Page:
On March 4, we will witness the next great battle for public education in California as tens of thousands of students, faculty and workers across the state go on strike to demonstrate their rejection of the state’s attempts to impose massive cutbacks and fee hikes on public institutions of higher learning. For the sake of California higher education, it is vital that their voices are heard.
The trouble has been brewing for months. Last fall, the University of California Board of Regents agreed to a 32 percent fee hike for UC undergraduate tuition statewide in order to help close an $813 million hole in the UC budget, on top of a 9.3 percent tuition hike agreed upon only a few months before.
The issue, however, goes back much further, as the fee hikes represent a 300 percent increase over the last decade. Given that the gross domestic product per capita in California has not increased even 40 percent in the last decade, the size of the fee hikes makes a mockery of the idea that anyone calling the shots intends for public education to remain affordable to the general public any longer. As the California Coordinating Committee asserts, “education cuts are attacks against all of us, particularly in working-class communities and communities of color.”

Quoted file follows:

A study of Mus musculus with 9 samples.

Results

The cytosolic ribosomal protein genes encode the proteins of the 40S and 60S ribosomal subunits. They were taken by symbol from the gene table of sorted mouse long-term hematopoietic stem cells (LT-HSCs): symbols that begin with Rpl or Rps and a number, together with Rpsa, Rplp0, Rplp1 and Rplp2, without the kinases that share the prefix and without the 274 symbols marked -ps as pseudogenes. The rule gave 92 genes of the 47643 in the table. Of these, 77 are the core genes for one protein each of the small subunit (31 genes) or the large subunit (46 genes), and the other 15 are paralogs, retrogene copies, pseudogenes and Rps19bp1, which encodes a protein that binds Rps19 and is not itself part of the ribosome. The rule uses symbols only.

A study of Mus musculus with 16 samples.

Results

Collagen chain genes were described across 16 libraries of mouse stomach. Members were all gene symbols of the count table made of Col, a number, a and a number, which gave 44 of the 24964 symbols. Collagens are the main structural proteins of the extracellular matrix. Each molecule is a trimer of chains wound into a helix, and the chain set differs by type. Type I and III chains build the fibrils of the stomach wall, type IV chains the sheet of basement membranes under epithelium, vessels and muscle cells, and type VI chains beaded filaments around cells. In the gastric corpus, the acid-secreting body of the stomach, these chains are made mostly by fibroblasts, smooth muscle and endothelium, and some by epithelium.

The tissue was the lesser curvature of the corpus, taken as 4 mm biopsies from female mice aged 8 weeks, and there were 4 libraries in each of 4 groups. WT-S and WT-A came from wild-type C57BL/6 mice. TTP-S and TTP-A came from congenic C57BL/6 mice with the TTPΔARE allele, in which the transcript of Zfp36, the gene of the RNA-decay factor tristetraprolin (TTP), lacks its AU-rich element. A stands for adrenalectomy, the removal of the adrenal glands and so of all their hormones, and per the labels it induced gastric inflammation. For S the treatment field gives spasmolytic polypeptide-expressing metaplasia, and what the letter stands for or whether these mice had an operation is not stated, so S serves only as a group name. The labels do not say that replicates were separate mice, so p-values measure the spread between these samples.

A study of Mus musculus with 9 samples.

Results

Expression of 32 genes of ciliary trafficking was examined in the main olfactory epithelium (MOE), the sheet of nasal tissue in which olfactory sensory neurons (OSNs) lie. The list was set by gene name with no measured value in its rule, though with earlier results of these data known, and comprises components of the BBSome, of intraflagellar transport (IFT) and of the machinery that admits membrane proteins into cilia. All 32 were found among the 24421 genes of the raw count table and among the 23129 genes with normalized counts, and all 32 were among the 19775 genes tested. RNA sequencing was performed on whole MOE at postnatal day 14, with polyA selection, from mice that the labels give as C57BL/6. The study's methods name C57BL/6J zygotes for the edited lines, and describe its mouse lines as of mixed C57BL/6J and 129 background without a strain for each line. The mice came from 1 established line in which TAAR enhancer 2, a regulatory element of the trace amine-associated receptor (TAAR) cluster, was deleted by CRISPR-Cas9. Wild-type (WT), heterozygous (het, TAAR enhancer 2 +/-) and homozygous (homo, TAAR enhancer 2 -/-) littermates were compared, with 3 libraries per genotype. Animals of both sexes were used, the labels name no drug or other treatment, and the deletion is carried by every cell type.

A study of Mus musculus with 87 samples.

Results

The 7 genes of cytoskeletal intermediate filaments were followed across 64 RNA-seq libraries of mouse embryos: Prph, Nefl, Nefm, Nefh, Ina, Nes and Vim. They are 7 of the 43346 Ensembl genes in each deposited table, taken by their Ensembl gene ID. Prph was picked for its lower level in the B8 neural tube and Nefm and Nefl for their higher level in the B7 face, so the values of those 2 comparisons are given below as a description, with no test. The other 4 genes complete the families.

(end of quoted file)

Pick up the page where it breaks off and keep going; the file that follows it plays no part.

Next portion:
If anything, the fee hikes represent a sustained attack on the part of our legislators to limit the access of the working class to public universities. The side effect of this campaign is that middle-class households will have to take out more loans than ever to afford what was intended to be an affordable education for all Californians, subsidized through the taxes of all residents of the Golden State.
California legislators eagerly point to the global recession as a cause of the problem, correctly identifying one of the short term causes that has led to the budget crunch we find ourselves in. But it is ignoble to make this argument while at the same time overlooking the rest of the facts.
In the 2009 state budget, $12.4 billion was allotted to help build more prison cells while at the same time $11 billion was cut from education — this at a time in our state’s history when levels of crime have hit new lows. Instead of supporting education and helping youth get an education, the state is cutting their classes, raising their fees. Is this a good plan for California’s future?
On the national level, meanwhile, our tax dollars are being spent to fund the occupation of two sovereign states, Iraq and Afghanistan, costing this country $1.05 trillion to date. Apparently, the richest country on Earth has enough money to drop bombs from drones but cannot allow its own children to gain a decent education without falling into deep debt.
Students at public institutions across the state and the country are angry, and rightly so. As students of the University of Southern California, we should also be outraged by the decisions the state is making with our tax dollars to deny hundreds of thousands of students their right to a decent public education.
We have chosen not to attend a public institution, but we must still be infuriated that our tax money, meant for the good of this great state and its great people, is being squandered by our shameless officials.
I, for one, will be protesting on March 4th.
Alex Shams is senior majoring in international relations.